CMB data are beginning to put limits on parameters which are directly
relevant for particle physics models. For example there is a limit on
the neutrino contribution
_{}
*h*^{2} < 0.0076 (95% confidence)
from a combination of *WMAP* and galaxy clustering data from the
2dFGRS project
[47].
This directly implies a limit on neutrino mass, assuming the usual
number density of fermions which decoupled when they were relativistic.

A combination of the *WMAP* data with other data-sets gives some hint
of a running spectral index, *i.e.*,
*dn* / *d* ln *k*
0
[42].
Although this is still far from resolved
[48],
things will certainly improve as new data come in.
A convincing measurement of a non-zero running of the index would be quite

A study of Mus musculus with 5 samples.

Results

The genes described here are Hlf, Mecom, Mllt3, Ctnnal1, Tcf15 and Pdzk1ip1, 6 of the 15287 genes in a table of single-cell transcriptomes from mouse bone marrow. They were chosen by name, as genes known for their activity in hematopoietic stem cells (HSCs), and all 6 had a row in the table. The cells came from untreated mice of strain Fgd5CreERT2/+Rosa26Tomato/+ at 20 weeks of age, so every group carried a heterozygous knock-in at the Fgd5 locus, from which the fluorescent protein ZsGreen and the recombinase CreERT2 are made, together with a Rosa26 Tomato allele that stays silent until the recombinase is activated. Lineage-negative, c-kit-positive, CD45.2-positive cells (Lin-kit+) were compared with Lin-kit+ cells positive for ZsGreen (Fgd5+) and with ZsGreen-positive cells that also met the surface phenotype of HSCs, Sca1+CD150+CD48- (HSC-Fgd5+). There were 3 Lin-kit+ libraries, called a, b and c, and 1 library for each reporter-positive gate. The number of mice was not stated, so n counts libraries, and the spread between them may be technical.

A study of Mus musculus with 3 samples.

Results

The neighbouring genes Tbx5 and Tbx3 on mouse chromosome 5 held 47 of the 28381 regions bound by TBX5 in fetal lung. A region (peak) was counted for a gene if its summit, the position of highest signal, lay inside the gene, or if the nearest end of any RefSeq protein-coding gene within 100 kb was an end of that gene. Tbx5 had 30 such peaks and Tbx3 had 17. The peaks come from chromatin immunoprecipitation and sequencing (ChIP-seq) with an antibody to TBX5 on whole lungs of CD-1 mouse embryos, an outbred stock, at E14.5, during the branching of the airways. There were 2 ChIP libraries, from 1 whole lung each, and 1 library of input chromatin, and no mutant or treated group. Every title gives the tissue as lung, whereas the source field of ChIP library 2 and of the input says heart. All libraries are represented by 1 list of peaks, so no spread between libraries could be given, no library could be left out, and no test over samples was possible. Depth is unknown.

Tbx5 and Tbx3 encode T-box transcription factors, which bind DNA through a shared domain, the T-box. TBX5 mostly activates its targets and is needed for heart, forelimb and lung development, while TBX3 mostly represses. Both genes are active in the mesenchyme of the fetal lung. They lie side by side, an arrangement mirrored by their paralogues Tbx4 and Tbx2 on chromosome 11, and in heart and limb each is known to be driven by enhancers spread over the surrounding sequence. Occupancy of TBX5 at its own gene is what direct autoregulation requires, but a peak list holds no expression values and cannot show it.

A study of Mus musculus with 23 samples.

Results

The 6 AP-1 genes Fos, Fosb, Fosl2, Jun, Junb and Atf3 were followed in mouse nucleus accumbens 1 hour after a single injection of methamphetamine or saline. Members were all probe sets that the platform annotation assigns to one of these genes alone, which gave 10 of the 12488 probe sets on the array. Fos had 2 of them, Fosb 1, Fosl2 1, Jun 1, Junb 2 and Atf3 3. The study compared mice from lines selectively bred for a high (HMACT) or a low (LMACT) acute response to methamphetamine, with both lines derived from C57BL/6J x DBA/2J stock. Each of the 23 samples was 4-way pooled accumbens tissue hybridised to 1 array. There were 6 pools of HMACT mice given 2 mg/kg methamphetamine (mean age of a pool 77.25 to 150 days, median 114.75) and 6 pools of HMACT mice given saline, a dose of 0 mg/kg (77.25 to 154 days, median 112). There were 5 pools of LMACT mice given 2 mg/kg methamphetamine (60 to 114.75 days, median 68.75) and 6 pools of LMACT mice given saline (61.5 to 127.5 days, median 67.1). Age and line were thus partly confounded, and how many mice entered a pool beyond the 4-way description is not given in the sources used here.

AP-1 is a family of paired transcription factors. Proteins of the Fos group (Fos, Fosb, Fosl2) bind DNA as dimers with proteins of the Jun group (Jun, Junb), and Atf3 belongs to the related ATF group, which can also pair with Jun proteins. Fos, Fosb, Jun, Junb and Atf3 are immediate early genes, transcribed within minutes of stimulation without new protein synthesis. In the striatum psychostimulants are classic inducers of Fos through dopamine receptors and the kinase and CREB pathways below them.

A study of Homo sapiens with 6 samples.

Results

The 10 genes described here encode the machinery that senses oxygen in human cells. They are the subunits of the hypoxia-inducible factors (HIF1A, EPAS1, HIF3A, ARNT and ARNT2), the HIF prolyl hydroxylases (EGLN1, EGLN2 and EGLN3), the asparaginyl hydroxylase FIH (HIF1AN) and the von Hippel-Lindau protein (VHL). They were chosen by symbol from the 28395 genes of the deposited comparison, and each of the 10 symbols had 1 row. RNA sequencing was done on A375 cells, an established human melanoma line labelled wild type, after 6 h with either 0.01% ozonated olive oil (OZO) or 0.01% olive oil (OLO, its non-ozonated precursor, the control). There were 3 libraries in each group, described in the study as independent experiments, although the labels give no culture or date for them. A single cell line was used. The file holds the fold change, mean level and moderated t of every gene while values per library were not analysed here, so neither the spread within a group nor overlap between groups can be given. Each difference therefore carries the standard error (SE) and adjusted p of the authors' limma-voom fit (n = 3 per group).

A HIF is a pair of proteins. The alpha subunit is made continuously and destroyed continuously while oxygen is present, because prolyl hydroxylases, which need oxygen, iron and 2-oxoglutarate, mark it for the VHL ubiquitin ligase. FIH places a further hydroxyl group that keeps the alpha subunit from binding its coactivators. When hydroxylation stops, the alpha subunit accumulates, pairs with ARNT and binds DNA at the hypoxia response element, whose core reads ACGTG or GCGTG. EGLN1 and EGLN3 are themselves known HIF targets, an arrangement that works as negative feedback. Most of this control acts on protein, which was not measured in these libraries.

constraining for inflationary models
[49].

One other hint of new physics lies in the fact that the quadrupole
and some of the other low
modes seem anomalously low compared with the best-fit
CDM model
[32].
This is what might be expected in a universe which has
a large scale cut-off to the power spectrum, or is
topologically non-trivial. However, because of cosmic variance, possible
foregrounds *etc*., the significance of this feature is still a
matter of debate
[50].

In addition it is also possible to put limits on other pieces of physics [51], for example the neutrino chemical potentials, time variation of the fine-structure constant, or physics beyond general relativity. Further particle physics constraints will follow as the anisotropy measurements increase in precision.

Careful measurement of the CMB power spectra and non-Gaussianity can in
principle put constraints on high energy physics, including ideas of
string theory, extra dimensions, colliding branes, *etc*. At the moment
any calculation of predictions appears to be far from definitive. However,
there is a great deal of activity on implications of string theory for
the early Universe, and hence a very real chance that there might be
observational implications for specific scenarios.